Over the last few months, I have been brushing up on API testing, specifically around contract testing.
According to Postman, an API contract is a human- and machine-readable representation of an API’s intended functionality. It establishes a single source of truth for what each request and response should look like—and forms the basis of service-level agreements (SLAs) between producers and consumers. API contract testing helps ensure that new releases don’t violate the contract by checking the content and format of requests and responses.
If you begin to walk down the road of API contrast testing, one question that naturally comes up is, what tools can I use to identify breaking changes? After all, reviewing a large YAML file on a pull request is not necessarily the best way for humans to spot breaking changes to API contracts.
While researching API Contract testing I came across two tools that help identify breaking changes, Akita and Optic. In today’s post, I would like to explore Optic and demonstrate some of its capabilities and how it can be used to identify breaking changes.
According to their documentation, Optic is a version of control tool, just like Git. In fact, it relies on Git in order to find breaking changes, it invokes a git show command to be able to see a diff between OpenAPI spec files across branches, which means you can use Optic in your existing pull request and since Optic is an NPM package you can import it into any CI provider.
To get started, installed the Optic CLI using NPM.
As of April 2023, the command above will install version 0.42.13. With Optic now installed you can use the diff command to compare two OpenAPI specs. Below you will find an OpenAPI specification file that I have created for this demo.
Might be hard to see from the YAML, but basically, the API defined in the YAML is an API with a /users endpoint, an HTTP client can send a GET request to retrieve a specific user. The users resource exposes the following model.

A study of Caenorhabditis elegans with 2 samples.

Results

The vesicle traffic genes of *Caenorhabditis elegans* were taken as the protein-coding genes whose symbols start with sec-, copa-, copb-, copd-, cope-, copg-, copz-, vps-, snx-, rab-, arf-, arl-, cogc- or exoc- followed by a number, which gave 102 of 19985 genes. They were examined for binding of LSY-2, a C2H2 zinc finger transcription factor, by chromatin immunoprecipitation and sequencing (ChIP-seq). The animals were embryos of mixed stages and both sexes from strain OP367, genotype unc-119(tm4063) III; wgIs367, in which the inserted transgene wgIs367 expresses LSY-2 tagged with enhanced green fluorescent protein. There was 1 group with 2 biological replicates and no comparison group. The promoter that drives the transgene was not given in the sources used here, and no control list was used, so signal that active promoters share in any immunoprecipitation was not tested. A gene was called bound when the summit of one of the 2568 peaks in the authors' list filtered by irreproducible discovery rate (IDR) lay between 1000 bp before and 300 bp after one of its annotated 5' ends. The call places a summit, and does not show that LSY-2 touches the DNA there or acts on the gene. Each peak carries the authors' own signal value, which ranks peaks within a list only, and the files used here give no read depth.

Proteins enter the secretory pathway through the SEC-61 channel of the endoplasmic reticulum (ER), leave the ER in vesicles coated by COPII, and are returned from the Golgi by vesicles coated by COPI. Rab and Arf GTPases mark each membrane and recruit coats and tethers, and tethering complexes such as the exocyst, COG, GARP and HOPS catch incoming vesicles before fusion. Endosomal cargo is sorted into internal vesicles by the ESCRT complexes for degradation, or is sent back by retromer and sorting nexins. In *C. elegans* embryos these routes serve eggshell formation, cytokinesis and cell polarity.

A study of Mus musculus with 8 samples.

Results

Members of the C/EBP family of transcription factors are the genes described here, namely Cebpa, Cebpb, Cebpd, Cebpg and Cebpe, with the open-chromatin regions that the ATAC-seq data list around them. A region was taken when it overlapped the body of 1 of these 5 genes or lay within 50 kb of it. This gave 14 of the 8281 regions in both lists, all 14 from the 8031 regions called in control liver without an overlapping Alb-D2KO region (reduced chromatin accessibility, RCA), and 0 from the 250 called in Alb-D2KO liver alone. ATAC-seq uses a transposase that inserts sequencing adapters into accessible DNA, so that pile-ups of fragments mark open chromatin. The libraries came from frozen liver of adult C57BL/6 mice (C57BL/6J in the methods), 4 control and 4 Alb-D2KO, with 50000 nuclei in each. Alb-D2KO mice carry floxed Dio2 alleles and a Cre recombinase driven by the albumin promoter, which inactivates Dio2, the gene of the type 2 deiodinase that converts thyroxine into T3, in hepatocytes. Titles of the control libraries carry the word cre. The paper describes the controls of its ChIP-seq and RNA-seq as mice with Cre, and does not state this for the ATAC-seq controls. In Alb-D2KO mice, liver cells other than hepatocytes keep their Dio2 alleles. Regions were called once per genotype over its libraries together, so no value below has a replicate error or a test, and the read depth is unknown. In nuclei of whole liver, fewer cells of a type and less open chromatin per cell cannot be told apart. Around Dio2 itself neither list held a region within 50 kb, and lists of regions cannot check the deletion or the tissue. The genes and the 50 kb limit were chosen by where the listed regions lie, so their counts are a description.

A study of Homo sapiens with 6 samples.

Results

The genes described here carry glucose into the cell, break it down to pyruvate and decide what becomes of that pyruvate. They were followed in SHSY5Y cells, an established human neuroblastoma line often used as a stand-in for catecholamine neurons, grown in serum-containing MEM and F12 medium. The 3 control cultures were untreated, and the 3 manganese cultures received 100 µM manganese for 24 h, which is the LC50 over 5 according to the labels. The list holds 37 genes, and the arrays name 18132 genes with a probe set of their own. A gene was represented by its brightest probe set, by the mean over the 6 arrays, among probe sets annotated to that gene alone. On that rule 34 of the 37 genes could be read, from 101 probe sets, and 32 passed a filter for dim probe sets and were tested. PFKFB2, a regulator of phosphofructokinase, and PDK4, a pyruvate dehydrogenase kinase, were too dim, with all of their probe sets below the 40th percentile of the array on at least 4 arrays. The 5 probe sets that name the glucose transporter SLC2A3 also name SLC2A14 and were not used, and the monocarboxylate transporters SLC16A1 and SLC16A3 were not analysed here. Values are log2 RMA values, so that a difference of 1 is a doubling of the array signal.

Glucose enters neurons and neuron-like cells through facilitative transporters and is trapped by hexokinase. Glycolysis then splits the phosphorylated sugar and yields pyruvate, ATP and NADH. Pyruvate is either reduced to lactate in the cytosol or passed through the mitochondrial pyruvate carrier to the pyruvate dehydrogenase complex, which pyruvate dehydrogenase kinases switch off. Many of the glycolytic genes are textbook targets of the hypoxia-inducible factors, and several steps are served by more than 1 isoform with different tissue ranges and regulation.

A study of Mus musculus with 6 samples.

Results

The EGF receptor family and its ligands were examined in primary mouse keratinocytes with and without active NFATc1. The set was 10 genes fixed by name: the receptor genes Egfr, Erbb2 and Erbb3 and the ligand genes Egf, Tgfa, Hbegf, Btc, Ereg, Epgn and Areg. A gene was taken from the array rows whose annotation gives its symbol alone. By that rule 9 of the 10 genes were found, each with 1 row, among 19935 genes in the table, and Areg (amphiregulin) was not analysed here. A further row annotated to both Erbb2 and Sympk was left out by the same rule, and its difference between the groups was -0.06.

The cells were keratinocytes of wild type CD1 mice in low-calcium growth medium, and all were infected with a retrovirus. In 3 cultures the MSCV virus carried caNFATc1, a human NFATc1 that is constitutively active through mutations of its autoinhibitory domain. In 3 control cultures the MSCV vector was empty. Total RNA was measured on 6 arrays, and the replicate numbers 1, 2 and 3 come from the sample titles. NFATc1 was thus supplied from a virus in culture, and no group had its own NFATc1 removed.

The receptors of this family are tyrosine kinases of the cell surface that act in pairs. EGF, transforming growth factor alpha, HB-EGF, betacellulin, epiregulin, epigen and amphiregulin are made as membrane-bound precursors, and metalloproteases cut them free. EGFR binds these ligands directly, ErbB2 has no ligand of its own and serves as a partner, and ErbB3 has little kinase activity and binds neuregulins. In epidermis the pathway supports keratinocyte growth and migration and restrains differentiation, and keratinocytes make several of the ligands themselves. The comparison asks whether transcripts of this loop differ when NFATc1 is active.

Let’s assume I want to change the API, say I want to rename the field dateOfBirth to dob, breaking the existing contract exposed by the API, I will modify the contract and save my changes in a change.yaml file and the existing contract will be saved to a main.yaml file. To have Optic identify breaking changes on the contract I can use the following command.
The command above results in the following output.
Don’t know if you can tell from the output, but Optic has successfully identified the change, appending a –web to the command we ran will output the results in a web browser for better visual aid as seen in the screenshot below.
You can also run Optic across git branches using the diff command, you simply would change to the branch containing the API changes and then run the command.
Where –base is the name of the main branch, in this case, the main branch is called main. The –check parameter tells Optic to run the default breaking changes. See optic also offers the ability to apply rules, allowing you to create API standards, for example, imagine that you wanted all properties to be written using snake casing. In optic, you would define the properties casing as snake casing then you would run the rules against all pull requests. Let’s see how that would work, you will find a custom rule definition, I want all my properties to follow snake casing because it is easier to read than camel casing.
Now that I have my rule I can apply it to the previous command.
Optic has identified all properties that do not follow the naming convention defined by my rule. This is great, I can now enforce naming conventions across all resources on my users API.
On an upcoming blost I will explore Akita, the second tools I found for API contract testing, till next time.